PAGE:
It was my son who pointed out something I’d missed: the roads of Lazio, with which we’d become intimate, were almost entirely free of Fords. Once noticed, this fact – akin to finding a country where Coca-Cola is unavailable – seemed odder and odder. Fords, I had assumed, were just part of the trafficscape of everywhere. Why not here?
Studying the roads suddenly became a pleasure. It reminded me of the day in 1962 when, a child leaving the country for the first time on an ancient ferry, I scanned the approaching quayside of Dunkirk and saw weird things such as I had never dreamed of: a Citroen 2CV, a Panhard, a Simca Aronde, a Berliet truck. In those days, each European country bought the vehicles it made itself: there was a relatively insignificant import-export trade in things with wheels. But in central Italy in 1999, I had not expected the clock to be turned back in quite this way.
We were an hour outside Rome, staying in one of a string of working hilltop towns that command the foothills of the Apennines. This isn’t Chiantishire: tourists don’t usually go there (it was pure chance that we ended up there) and even the guidebooks ignore the area. The settlements are not conventionally pretty, the landscape is a touch too arid, and anyway Rome exerts too strong a magnetic pull. So we had fun comparing our host nation’s city and country vehicle preferences as we flogged our hire car through the afternoon heat.
Rome, being relatively posh (though not a patch on Milan, nor curiously Palermo, style-wise) has lots of well-dressed people nipping about in those two-seater Smart cars, or the Mercedes-Benz A-Class. These latter, which look little and nippy in Britain, seem positively overweight in this small-car economy. Most of Rome’s buses are the usual big smoky jolting things – some proudly claiming to be designed by Pininfarina, whatever that means these days. I can tell you these are no more comfortable than all the others. However, the city has developed a service of small electric buses, well-used, that somehow seems more attuned to the vehicular scale of the country.
Yes, of course, this is the land that first produced Dante Giacosa’s tiny Fiat 500 in 1957, plenty of which are still around despite the fact that they stopped making them in 1975. In the poor countryside of Lazio, the commonest car of all is, however, Giorgio Giugiaro’s slightly larger utility vehicle originating in 1980, the Panda. Though they are still made, you seldom see a shiny new Panda, only beat-up old ones. Thousands of them. But the Fiat grip on home sales, so steadfast for so long, is under challenge.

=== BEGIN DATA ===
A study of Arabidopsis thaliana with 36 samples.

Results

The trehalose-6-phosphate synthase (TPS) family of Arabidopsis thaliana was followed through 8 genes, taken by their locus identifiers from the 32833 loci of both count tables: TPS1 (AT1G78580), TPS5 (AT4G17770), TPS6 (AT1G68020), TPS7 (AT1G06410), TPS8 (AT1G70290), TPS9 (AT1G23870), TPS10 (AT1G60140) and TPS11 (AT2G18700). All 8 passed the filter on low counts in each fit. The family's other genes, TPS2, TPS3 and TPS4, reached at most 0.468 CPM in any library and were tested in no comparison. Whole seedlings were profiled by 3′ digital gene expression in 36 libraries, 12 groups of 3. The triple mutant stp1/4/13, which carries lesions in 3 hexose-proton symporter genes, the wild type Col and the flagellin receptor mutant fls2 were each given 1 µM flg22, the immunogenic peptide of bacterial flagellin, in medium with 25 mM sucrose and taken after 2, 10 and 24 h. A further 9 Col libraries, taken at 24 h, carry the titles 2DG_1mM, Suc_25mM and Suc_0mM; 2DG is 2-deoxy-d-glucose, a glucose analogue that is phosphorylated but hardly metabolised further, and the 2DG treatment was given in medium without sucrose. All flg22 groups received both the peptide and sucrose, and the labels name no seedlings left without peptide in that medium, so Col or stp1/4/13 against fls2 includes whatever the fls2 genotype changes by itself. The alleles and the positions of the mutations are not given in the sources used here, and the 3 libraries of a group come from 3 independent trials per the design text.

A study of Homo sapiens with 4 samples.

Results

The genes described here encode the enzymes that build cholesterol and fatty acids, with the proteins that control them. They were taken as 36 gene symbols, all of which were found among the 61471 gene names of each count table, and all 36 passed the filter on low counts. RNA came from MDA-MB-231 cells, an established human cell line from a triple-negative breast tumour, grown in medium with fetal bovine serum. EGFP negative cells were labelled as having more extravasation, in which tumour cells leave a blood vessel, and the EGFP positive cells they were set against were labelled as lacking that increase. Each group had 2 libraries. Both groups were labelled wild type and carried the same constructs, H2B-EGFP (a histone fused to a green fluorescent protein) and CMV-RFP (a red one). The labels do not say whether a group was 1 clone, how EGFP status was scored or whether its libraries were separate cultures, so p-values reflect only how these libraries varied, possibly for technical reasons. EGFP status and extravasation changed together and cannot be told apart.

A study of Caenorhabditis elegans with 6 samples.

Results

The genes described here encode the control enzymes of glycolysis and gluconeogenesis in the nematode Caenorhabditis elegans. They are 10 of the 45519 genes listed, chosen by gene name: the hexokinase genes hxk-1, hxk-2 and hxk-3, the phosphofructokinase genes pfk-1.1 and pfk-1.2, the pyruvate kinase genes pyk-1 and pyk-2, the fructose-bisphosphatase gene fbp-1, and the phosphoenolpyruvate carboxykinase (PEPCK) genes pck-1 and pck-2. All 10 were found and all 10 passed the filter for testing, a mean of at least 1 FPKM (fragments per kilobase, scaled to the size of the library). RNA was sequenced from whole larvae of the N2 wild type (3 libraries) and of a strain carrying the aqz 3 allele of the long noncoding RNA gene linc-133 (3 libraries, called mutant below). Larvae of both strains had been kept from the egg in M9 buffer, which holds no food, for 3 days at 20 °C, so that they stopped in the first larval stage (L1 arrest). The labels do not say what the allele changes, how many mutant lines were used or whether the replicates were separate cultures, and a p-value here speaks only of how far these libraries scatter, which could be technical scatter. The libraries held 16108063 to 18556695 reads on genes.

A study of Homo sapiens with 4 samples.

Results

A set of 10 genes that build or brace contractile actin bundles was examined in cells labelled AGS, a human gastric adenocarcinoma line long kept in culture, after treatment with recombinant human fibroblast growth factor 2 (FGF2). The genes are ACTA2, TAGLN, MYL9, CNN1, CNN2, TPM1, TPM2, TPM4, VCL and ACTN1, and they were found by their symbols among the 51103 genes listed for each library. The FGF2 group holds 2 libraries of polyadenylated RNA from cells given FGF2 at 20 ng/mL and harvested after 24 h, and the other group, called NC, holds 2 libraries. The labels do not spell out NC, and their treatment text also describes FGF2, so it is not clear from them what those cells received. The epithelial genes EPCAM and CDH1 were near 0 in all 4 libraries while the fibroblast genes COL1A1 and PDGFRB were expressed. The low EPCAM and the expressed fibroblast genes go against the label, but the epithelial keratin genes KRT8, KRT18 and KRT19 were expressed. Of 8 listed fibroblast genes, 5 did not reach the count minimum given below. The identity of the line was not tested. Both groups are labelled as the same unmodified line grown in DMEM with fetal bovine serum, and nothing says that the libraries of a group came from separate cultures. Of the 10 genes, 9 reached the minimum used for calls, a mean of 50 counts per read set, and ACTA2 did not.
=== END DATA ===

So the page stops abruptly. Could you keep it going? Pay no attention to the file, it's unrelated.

Nobody, in Rome or outside, seems much interested in the latest Fiat attempt at a mouse-car, the Seicento. And the self-conscious Ford Ka makes no more headway here than any other Ford, small or large. Instead, the good folk of Lazio are buying huge numbers of a car that is still rare in Britain: the tiny, appealing, Daewoo Matiz. This looks even cuter than the original 500, is a much more efficient package, somehow manages to have five doors instead of two, and is Korean. How did those Far Easterners get under the skin of Italian car culture so effectively? Easy – it is designed by Giugiaro’s ItalDesign.
A little history: Giugiaro’s first real job in the mid-1950s was to work in Fiat’s design studio with the great Giacosa, at the time the 500 design was being finalised. Enough said: the Matiz is the new 500 not only by virtue of is design lineage, but by common consent – the people of Lazio, you can’t help noticing, have voted with their wallets. They still want micro-cars. Indeed, because the Italians don’t have big families any more they want them more than ever. But they don’t want the home-grown ones nearly so much as they want the foreign ones.
If I was part of the Agnelli dynasty that controls the Fiat empire and so much else in the Italian economy, I would be sweating nervously at the spectacle of all those Matiz drivers gunning their 800cc three-cylinder engines between one hill town and the next. This is how industrial decline begins, isn’t it? The British precedent is there: first fail to make the cars your own people want, then lose your grip on the export market, and finally console yourself with the thought that you are brilliant at designing cars for others. Sorry, but design doesn’t earn the same kind of export dollars as manufacture. No point holding off Ford if the Koreans come in and snaffle your best designer.
I always see a car I like on holiday. The Matiz is so dead cute I’m even considering buying one myself. It’s a guilt-free trip: Britain makes nothing comparable and, for reasons not altogether clear to me, I’m not running the Italian economy. Ciao, baby!